8 February 2018 13:36

The ESL Pro League returns for its seventh season in 2018, bringing another $125,000 of prize money for the season’s winners and $750,000 for those that go on to win the final. All 12 teams that featured in last year’s final are returning this year for another crack at the title, whilst SK Gaming will look to repeat as champions.

The Format

The season is split into two regions, as nearly all eSports are, with Europe and North America both having a league of 14 teams, with 11 of those teams being the top 11 from last year who all automatically gain re-entry into the league. The team that came top in the ESEA Premier advance straight into the Pro League, whilst the other teams that came towards the top in ESEA Premier play the 12th and 13th place teams from the Pro League season to see who goes to the Pro League and who is sent back to the ESEA Premier.

The tournament is held from Tuesday 13th February all the way to Thursday 26th April. Teams compete in consecutive Bo1 matches and winners take 3pts if done so in regulation, but winning in overtime scores you 2pts and the losers take 1pt. Like previous years, the top six placed teams advance to the offline finals where Europe and North America go head-to-head, whilst the top 11 stay in the league for next season, and 12th and 13th place go to the relegation battle. The team that comes in 14th place is automatically relegated to ESEA Premier.

Europe

In season six both Fnatic and North went 18-8 to top the league, but Fnatic gained the title of first place from a better map win-loss ratio, with FaZe Clan, Astralis, Ninjas in Pyjamas and HellRaisers rounding off the top six. At the offline finals, however, Fnatic were beaten by FaZe Clan in the semi-finals, but then went on to lose to North American team SK Gaming.

This ultimately means that the European season is wide open again this year, but FaZe Clan have to come in as favourites. The multi-national team came second at the ELEAGUE Major in Boston in January, also winning three premier events in 2017. Fnatic, on the other hand, had a torrid time in Boston and only won one event in 2017. Can the team bounce back and be competitive again? North, competing in cs_summit 2 just before the season starts, don’t seem to be on the same kind of form they were last year.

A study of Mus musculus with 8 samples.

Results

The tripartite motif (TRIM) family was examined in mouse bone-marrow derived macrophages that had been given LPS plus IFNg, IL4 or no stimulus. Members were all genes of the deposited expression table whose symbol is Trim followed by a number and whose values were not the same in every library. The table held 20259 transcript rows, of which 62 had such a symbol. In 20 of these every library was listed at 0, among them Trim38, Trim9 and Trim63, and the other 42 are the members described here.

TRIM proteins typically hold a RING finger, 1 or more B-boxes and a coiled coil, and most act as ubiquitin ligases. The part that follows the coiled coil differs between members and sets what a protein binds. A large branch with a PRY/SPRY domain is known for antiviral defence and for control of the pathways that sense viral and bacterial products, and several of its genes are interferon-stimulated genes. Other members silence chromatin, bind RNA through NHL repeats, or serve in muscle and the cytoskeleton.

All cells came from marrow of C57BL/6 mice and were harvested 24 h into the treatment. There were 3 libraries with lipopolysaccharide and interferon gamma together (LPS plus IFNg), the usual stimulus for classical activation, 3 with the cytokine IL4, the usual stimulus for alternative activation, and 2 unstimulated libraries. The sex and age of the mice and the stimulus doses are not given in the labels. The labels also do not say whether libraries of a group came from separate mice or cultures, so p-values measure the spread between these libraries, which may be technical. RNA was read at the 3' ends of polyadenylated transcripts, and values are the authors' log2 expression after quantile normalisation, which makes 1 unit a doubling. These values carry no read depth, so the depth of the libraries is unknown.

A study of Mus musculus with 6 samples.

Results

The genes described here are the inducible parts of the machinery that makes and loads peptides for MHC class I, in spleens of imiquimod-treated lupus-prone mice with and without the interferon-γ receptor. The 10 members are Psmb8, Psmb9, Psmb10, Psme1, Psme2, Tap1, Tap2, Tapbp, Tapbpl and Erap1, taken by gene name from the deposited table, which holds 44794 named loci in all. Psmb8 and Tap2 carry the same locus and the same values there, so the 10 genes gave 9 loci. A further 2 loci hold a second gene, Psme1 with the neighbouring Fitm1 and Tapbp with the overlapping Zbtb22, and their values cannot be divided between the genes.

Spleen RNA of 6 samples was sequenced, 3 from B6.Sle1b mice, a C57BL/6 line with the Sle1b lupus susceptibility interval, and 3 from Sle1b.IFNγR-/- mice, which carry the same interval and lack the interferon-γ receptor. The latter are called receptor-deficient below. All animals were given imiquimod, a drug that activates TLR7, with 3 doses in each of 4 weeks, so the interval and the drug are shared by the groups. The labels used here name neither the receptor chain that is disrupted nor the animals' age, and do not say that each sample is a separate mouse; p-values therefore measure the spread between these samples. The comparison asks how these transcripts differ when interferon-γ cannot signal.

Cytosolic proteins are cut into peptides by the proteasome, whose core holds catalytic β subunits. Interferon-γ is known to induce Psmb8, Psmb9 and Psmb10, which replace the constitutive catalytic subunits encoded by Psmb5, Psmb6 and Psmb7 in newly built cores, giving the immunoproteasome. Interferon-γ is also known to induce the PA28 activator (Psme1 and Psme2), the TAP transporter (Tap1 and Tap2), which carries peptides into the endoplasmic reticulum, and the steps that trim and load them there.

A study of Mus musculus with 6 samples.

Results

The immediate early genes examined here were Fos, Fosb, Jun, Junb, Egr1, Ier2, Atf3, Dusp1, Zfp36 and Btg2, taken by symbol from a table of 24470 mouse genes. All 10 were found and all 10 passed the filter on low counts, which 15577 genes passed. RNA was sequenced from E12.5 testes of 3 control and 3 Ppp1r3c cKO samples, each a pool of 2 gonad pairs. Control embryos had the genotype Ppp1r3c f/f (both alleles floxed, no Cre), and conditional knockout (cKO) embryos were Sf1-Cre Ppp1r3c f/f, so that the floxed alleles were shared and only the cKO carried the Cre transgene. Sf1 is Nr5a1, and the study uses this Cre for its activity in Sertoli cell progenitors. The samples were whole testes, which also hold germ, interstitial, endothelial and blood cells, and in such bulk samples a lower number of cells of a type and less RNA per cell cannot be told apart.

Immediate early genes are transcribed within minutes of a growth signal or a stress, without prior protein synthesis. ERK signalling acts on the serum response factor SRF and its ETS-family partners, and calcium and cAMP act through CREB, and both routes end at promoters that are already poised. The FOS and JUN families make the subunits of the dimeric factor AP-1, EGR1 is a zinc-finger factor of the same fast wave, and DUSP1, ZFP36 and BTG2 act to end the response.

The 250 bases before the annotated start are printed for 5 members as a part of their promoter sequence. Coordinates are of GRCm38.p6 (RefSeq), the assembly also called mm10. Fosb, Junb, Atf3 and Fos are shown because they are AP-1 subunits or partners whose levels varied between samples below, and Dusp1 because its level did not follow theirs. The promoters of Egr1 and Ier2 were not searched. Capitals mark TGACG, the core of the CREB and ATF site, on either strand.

Elsewhere, AGO eSports will attract a lot of attention, the team that came through automatic promotion from ESEA Premier. The team from Poland have enjoyed huge success in Minor tournaments and have finally started to perform well at Major tournaments, so can they go one step further at a premier?

North America

All eyes will be on Cloud9 and SK Gaming in North America. Cloud9 recently won 2018’s first Premier event at The Boston Major, so will look to continue that form through the year after a quick tournament at cs_summit 2. SK Gaming will try to be back to defend their Pro League title after it was Cloud9 that knocked them out the semi’s in Boston to throw fuel onto their blossoming rivalry.

OpTic Gaming should also be a team to watch out for after they topped the Pro League season standings last year at 20-6 but fell early in the offline finals. The team hasn’t competed yet properly in 2018 so come in as an unknown quantity. Can that benefit them? Or will the lack of preparation hurt them?

Betting

Betting on the overall outcome of the season isn’t offered, but bookies will likely begin to offer round-by-round matches once the season begins on Tuesday 13th February. Once the season has finished and the finals are underway, then you will be able to bet on the winners of the offline finals.